Any reply will be highly appreciated.


Another option to consider is Entity Framework 4 as it gives you a full ORM. Plus with the latest CTP 5 of code first with Entity Framework is looking very promising.

With that being said Enterprise Library 5 does make data access almost trivial as long as you have a convention that your SQL table columns match your object properties with ExecuteSprocAccessor and ExecuteSqlStringAccesor. If you use these two extensions methods you can get away from dealing with IDataRecord, IDataReader and the usual command objects and your data access ends up looking like this:

var books = DataBase.ExecuteSqlStringAccessor("SELECT [Id], [Name], [ISBN] FROM Books", rowMapper).ToList();

Some Pros

  1. Enterprise Library does offer a robust framework which includes Unity (IoC), logging, validation, exception handling, and policy injection to name a few.
  2. Lots of documentation and quick starts for the various application blocks.
  3. Extensible and configurable to do almost anything.
  4. In Ent Lib5 a fluent configuration builder was introduced to relieve some stress from the mountains of configuration sections.

Some Cons

  1. Very large framework, you might find yourself needing to reference 2+ assemblies to get one thing to function properly.

  2. Potential configuration nightmare, however the use of fluent configuration builder and updated application block config editor does reduce some of the pain.

In the end I use Enterprise Library as it helps me build applications faster and I don't have to reinvent the wheel. The best bet is to try each one out, ADO.NET, EF4, Ent Lib5, or the many other options and just see which one feels right for your needs.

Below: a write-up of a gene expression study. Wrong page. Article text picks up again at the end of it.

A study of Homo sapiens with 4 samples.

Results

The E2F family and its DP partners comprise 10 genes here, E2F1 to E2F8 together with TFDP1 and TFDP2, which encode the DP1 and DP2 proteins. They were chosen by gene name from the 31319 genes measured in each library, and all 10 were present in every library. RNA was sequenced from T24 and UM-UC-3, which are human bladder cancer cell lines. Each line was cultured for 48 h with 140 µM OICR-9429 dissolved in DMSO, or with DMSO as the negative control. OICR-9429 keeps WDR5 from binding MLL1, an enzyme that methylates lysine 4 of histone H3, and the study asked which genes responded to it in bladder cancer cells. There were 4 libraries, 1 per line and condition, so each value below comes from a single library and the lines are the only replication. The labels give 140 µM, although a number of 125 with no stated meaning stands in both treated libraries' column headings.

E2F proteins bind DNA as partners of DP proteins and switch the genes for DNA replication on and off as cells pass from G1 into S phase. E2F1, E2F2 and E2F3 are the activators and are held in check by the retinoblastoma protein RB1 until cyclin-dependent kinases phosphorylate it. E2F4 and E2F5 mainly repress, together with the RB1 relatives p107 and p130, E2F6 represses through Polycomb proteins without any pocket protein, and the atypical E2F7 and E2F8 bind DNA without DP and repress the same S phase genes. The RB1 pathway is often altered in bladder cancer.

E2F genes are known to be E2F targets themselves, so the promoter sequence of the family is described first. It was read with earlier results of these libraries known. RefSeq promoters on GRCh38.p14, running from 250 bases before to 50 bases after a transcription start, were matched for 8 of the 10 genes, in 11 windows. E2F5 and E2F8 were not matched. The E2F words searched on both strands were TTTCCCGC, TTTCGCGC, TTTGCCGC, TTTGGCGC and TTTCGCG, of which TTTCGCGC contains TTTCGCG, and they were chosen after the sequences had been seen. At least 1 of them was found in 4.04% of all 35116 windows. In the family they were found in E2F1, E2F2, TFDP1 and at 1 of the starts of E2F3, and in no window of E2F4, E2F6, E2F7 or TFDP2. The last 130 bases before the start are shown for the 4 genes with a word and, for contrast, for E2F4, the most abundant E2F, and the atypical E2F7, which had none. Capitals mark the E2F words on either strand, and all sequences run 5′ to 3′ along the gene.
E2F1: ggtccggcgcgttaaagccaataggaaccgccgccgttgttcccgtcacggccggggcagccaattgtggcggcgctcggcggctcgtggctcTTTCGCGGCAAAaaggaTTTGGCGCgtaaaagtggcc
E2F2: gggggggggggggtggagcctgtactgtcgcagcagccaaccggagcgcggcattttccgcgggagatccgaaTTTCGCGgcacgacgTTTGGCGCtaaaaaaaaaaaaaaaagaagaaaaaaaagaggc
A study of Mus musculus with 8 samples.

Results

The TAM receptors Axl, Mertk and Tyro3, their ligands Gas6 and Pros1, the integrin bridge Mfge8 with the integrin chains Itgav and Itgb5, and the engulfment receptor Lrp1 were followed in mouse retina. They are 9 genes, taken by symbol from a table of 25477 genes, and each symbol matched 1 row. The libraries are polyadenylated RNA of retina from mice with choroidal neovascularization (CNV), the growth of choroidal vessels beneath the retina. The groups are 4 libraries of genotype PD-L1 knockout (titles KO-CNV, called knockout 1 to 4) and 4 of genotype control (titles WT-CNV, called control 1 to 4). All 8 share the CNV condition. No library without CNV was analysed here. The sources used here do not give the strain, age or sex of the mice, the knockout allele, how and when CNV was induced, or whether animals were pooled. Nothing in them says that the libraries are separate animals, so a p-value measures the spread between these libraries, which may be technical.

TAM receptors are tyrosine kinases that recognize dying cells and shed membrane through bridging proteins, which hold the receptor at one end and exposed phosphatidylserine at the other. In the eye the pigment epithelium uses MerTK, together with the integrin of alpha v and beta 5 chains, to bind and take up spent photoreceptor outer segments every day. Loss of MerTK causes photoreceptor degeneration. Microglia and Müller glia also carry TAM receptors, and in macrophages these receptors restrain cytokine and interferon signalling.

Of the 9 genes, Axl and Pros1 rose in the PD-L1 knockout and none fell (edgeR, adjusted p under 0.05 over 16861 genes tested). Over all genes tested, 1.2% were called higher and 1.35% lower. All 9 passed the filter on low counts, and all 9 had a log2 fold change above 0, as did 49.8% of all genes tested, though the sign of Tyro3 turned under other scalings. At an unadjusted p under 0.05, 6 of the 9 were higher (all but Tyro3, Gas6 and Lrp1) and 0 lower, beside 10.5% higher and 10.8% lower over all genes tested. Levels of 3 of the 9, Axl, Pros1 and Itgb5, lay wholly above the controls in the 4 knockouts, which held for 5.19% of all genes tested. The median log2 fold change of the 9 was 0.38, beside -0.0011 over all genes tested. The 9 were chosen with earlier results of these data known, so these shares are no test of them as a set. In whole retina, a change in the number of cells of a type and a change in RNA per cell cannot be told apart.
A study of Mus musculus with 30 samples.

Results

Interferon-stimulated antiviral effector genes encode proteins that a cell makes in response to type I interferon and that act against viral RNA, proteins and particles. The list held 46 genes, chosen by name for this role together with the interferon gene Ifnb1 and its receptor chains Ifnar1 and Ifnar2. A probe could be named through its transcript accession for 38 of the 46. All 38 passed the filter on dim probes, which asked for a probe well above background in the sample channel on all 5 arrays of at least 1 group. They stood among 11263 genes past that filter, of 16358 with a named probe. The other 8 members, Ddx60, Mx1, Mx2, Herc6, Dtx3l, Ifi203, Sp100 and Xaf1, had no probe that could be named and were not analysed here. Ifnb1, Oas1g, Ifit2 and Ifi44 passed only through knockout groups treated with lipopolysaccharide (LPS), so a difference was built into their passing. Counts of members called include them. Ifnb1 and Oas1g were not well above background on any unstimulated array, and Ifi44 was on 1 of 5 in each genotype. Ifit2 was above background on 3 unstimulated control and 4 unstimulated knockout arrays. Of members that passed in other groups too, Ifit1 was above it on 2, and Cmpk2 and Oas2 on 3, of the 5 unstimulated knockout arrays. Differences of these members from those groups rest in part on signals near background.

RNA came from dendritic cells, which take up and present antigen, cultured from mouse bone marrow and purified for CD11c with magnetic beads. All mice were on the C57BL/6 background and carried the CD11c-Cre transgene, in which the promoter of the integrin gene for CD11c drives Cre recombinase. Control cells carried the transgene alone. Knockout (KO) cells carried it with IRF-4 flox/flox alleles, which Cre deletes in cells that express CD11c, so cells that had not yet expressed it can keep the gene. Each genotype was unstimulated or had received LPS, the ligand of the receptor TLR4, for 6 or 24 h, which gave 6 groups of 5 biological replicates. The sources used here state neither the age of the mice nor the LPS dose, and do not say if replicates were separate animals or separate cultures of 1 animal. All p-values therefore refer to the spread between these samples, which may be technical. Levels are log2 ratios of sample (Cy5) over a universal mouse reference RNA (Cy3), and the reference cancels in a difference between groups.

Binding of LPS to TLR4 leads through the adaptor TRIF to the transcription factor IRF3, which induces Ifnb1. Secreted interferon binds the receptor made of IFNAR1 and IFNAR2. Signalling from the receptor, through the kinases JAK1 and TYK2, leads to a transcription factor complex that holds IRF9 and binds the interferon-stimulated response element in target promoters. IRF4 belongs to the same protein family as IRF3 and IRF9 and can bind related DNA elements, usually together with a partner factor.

Adjusted answer to be 2+, That is my biggest gripe with EntLib, lots of assemblies to reference to get things to work. –  Mark Coleman Mar 1 '11 at 16:43
In DAAB, object properties don't have to match the SQL table column names. You can use a MapBuilder to define a custom mapping. See examples: entlib.codeplex.com/discussions/212712 and entlib.codeplex.com/discussions/218660 –  Grigori Melnik Mar 1 '11 at 17:40
Thanks for the info, I was aware of the MapBuilder, just didn't want the answer to be to much on how to use EntLib. Just wanted to show it didn't have to be hard to use. –  Mark Coleman Mar 1 '11 at 17:42
Re: # of assemblies. Are 4 assemblies (Common, Data, ServiceLocator and Unity) really that many? –  Grigori Melnik Mar 1 '11 at 17:53

I would certainly not recommend Enterprise Library. As the name implies, most of the sub-projects are very "enterprisey", which implies that they are mostly over-engineered and require lots of XML configuration. Unless you find that appealing there are much better offerings available.

Having some past experience with rolling my own ORM as well as using a host of different frameworks, I have now mostly settled on using EF4 (Entity Framework) as it is built-in and therefore readily available even in shops that are wary of open source or even commercial 3rd party components.

If you are working with an existing database, EF provides a way to generate a starting entity model from that database, which you can subsequently modify and synchronize in a visual designer. If you do not have a database, or if you dislike designers and prefer working with code, Microsoft has made available a CTP download that enables working with EF in a "code-first" manner, where the database mappings are expressed in code. You can subsequently generate the database using the defined classes.

If you're open to using open source, NHibernate is an excellent and mature option, with good 3rd party support (visual mapping designers, profilers, etc.).

I almost forgot to mention that under no circumstances should you roll your own database access framework. Spend your time writing the WHAT of your application and not the HOW, given the abundance of options available for this particular functionality.


You can download the latest version from SourceForge. For more info you can register at HabaneroLabs and/or check out the habanero wiki.